Thursday, August 25, 2022


Bob Poole is accustomed to spending his working hours in the wilds of Africa shooting cheetahs and water buffalo from behind concrete bunkers set up at waterholes or from custom-built tank-like Jeeps equipped with cranes for specialized cameras.

But six years ago, the National Geographic photographer found himself speaking about his work filming the world’s fastest land mammals and other wildlife in front of crowds in the Sydney Opera House and the Roy Thomson Hall in Toronto.

“I go on stage at big concert halls in Chicago, San Francisco and Melbourne for 70 minutes to tell my story and show some slides and short video clips as part of the National Geographic Live Speaker Series. And it’s amazing how many people turn up. I spoke at Devereaux Hall for three nights in a row and 2,400 people showed up. It ‘s crazy. But the audience gets a kick out of it,” said Poole, who lives in Ketchum with his wife Gina when not at the office in the wilds of Africa.

Bob Poole will tell his story for the hometown crowd on Friday when the National Geographic Live Speaker Series comes to Ketchum for three presentations.

  • The first—“Nature Roars Back”--will be held at 7 p.m. Friday, Aug. 26, at The Argyros and will include Poole’s secrets for filming lions, crocodiles, elephants and more.
  • The second—“Social By Nature”--will start at 7 p.m. Saturday, Aug. 27. It will feature biologist-turned photographer Ronan Donovan as he talks about the similarities humans share with other social mammals in the animal kingdom, including chimpanzees, wolves, gorillas and bears, and what we can learn from them.

    Donovan, who lives in Bozeman, spent a year living inside Yellowstone National Park documenting the life of wild wolves. He’s also hiked volcanoes to photograph mountain gorillas and he’s documented the human-chimpanzee conflict in Africa.

    Tickets for each presentation start at $20 and are available at A combo show-and-post-show reception meet-and-greet with the speaker costs $80.

  • There also will be a free roundtable discussion featuring Poole and Donovan with an opportunity for questions and answers at 3 p.m. Saturday, Aug. 27.

“With a little over 300 seats, this is one of the smallest venues we ever speak in—we normally have 800 to a thousand seats,” said Poole. “I’m really excited to be back, for people to get a chance to hear my story. And I’m looking forward to hearing Ronan Donovan, who is a friend of mine, since I’ve never had the opportunity to attend someone else’s National Geographic Live Speaker presentation.”

Poole grew up in Kenya where his father worked in the Peace Corps. He got his start filming wildlife at 17 when his father got him a summer job on a wildlife reserve and a National Geographic film crew took him under their wing.

He moved to Sun Valley about 40 years ago to work with Jim Dutcher on a film about the Sawtooth wolf pack. He’s won a number of awards, including an Emmy, for projects for PBS, BBC and National Geographic.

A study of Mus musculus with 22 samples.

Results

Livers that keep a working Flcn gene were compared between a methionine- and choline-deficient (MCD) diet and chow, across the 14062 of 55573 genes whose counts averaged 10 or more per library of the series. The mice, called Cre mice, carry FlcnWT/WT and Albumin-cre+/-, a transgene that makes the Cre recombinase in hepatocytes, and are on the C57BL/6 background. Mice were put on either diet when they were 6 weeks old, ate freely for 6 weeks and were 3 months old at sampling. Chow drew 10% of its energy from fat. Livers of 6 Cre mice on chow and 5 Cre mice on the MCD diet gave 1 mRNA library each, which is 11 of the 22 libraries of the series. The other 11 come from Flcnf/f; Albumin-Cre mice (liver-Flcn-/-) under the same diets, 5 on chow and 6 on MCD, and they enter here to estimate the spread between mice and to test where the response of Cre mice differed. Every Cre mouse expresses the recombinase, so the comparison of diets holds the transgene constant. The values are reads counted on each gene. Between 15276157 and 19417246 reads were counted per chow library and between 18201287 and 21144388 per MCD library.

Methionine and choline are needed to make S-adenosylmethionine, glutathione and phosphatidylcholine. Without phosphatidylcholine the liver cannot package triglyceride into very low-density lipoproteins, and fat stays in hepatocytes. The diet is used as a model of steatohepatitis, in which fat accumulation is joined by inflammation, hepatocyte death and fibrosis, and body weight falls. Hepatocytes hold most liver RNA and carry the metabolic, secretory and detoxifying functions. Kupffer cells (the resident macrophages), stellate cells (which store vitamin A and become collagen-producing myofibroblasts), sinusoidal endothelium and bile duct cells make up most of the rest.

Poole will talk about his childhood and the eight years he spent documenting the rebirth of Mozambique’s Gorongosa National Park during Friday’s presentation. Gorongosa National Park, considered a garden of Eden by many, was nearly devastated by civil war, its lions and elephants nearly rendered extinct by poachers.

But Sun Valley philanthropist Greg Carr went there in 2006 to see how he could help turn things around. And Poole joined him in 2008 filming the revitalization of the park over the next eight years as rangers and scientists, including his sister--world renowned elephant researcher Joyce Poole—joined hands on arguably the biggest conservation project on the planet.

“When I arrived, Greg flew me around by helicopter and you could hardly see any animals,” Poole recounted. “Soldiers had eaten most of the wildlife during the civil war. And, when the war was over, nobody was there to protect what was left so wildlife was nearly poached out of existence.”

War broke out again while Poole was there. But recovery, which engaged the local people, continued.

“It had been a national park that was given up for dead—a place that was roadless and lawless and where people poached anything that moved. And now it’s become a huge environmental success story, a model for other places in the world. It’s a place where we learned that the wild places we’ve broken can be put back together.”

Poole still finds it amusing that someone who has spent so much of his life out of sight of people now finds himself speaking in front of so many people.

“I presented the talk first in National Geographic’s auditorium of 300 and they liked it so well they thought we should take it on the road,” he recounted. “The first public venue was a theater in Calgary that seats 2,600 and I was like: How can I get out in front of all these people? But they’re always sold-out events and people love it. It’s a high-profile event around the world.”